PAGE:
U.S. import price index decreases 2.0 percent over the year
November 18, 2013
Import prices decreased 2.0 percent for the year ended in October 2013, the largest 12-month drop since a 2.7-percent decline between April 2012 and April 2013.
|Commodity category||Relative importance (September 2013)||Percent change, October 2012–October 2013|
Foods, feeds, & beverages
Industrial supplies & materials
Automotive vehicles, parts & engines
Consumer goods, excluding automotives
The import price index for foods, feeds, and beverages (which makes up 5.1 percent of imports) rose 2.6 percent from October 2012 to October 2013.
The price index for industrial supplies and materials (34.5 percent of imports) decreased 4.4 percent over the past 12 months. The decrease was led by a decrease in the price index for nonfuel industrial supplies and materials. The price index for import fuel (included in the industrial supplies and materials category) decreased 3.8 percent over the past year. Petroleum prices fell 4.1 percent for the year ended in October. Natural gas prices, up 8.1 percent over the past 12 months, partially offset declining petroleum prices.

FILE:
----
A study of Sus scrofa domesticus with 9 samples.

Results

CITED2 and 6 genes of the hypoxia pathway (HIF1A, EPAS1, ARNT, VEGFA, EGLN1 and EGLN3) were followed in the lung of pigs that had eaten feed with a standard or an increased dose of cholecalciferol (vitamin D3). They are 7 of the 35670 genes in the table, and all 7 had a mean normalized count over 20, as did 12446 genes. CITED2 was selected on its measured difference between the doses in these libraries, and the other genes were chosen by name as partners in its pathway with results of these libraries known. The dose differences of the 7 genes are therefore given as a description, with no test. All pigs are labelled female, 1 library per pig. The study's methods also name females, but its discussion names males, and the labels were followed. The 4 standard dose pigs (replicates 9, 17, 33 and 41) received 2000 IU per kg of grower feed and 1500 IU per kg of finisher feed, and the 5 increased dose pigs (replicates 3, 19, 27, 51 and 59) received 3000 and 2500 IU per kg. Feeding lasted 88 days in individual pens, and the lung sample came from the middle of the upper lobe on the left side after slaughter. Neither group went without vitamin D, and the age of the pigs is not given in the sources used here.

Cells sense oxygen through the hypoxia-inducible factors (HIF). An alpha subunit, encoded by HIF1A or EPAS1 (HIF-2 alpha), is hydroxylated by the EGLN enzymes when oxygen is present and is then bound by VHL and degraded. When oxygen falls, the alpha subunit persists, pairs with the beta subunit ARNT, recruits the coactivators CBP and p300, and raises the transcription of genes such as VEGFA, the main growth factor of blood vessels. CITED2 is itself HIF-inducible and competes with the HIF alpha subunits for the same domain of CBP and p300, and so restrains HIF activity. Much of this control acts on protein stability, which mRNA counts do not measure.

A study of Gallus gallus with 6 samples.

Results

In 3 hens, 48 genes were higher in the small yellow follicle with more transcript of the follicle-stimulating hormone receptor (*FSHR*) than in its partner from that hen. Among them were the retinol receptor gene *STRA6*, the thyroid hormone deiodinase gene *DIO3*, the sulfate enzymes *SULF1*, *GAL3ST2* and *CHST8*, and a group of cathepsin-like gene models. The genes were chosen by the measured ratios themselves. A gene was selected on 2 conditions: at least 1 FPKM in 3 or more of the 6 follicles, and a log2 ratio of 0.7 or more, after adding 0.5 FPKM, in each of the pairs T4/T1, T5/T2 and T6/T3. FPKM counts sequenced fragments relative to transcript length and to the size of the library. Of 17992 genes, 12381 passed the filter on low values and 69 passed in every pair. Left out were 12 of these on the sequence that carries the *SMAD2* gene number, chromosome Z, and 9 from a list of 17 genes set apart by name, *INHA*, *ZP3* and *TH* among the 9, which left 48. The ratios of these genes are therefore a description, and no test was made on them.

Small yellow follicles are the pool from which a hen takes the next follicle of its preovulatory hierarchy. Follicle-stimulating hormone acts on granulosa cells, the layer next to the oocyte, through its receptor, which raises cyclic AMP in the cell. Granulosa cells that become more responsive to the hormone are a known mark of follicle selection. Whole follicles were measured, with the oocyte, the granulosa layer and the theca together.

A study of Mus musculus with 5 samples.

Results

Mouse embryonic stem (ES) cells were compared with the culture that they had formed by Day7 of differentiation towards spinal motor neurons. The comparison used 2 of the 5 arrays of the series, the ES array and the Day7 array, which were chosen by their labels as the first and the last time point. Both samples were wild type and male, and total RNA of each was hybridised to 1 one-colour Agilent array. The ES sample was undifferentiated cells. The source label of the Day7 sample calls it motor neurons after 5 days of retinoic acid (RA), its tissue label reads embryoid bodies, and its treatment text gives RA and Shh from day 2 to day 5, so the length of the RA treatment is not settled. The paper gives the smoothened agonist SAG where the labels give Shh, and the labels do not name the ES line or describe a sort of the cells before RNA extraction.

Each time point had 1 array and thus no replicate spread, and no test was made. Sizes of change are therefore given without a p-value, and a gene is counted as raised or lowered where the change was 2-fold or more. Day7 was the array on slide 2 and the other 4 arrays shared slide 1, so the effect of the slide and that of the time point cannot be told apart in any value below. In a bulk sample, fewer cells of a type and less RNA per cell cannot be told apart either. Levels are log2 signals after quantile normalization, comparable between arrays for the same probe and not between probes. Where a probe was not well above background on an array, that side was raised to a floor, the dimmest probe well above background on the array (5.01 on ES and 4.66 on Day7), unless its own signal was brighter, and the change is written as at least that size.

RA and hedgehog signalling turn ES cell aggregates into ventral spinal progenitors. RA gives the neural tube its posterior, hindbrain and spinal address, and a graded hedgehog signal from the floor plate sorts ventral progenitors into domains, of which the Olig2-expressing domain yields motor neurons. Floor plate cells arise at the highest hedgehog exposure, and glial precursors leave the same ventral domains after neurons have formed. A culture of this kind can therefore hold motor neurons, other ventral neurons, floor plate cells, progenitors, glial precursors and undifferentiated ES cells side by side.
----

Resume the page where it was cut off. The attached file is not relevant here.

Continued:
Prices of capital goods (24.0 percent of imports) decreased by 0.9 percent over the past year. The price index for automotive vehicles, parts and engines (12.1 percent of imports) declined 1.4 percent. Prices for consumer goods, excluding automotives, (24.2 percent of imports) ticked down 0.5 percent.
These data are from the BLS International Price program. To learn more, see "U.S. Import and Export Price Indexes — October 2013" (HTML) (PDF), news release USDL-13-2150. Import and export price data are subject to revision.
Bureau of Labor Statistics, U.S. Department of Labor, The Economics Daily, U.S. import price index decreases 2.0 percent over the year on the Internet at http://www.bls.gov/opub/ted/2013/ted_20131118.htm (visited July 02, 2015).
Recent editions of Spotlight on Statistics
New estimates of personal taxes in Consumer Expenditure Survey
In 2013, the Consumer Expenditure Survey improved its personal tax data.
Trends in long-term unemployment
Long-term unemployment reached historically high levels following the recession of 2007–2009.
Housing: before, during, and after the Great Recession
looks at consumer expenditures on household items, employment in residential construction, prices for household items, and injuries in occupations involved in building and maintaining our homes.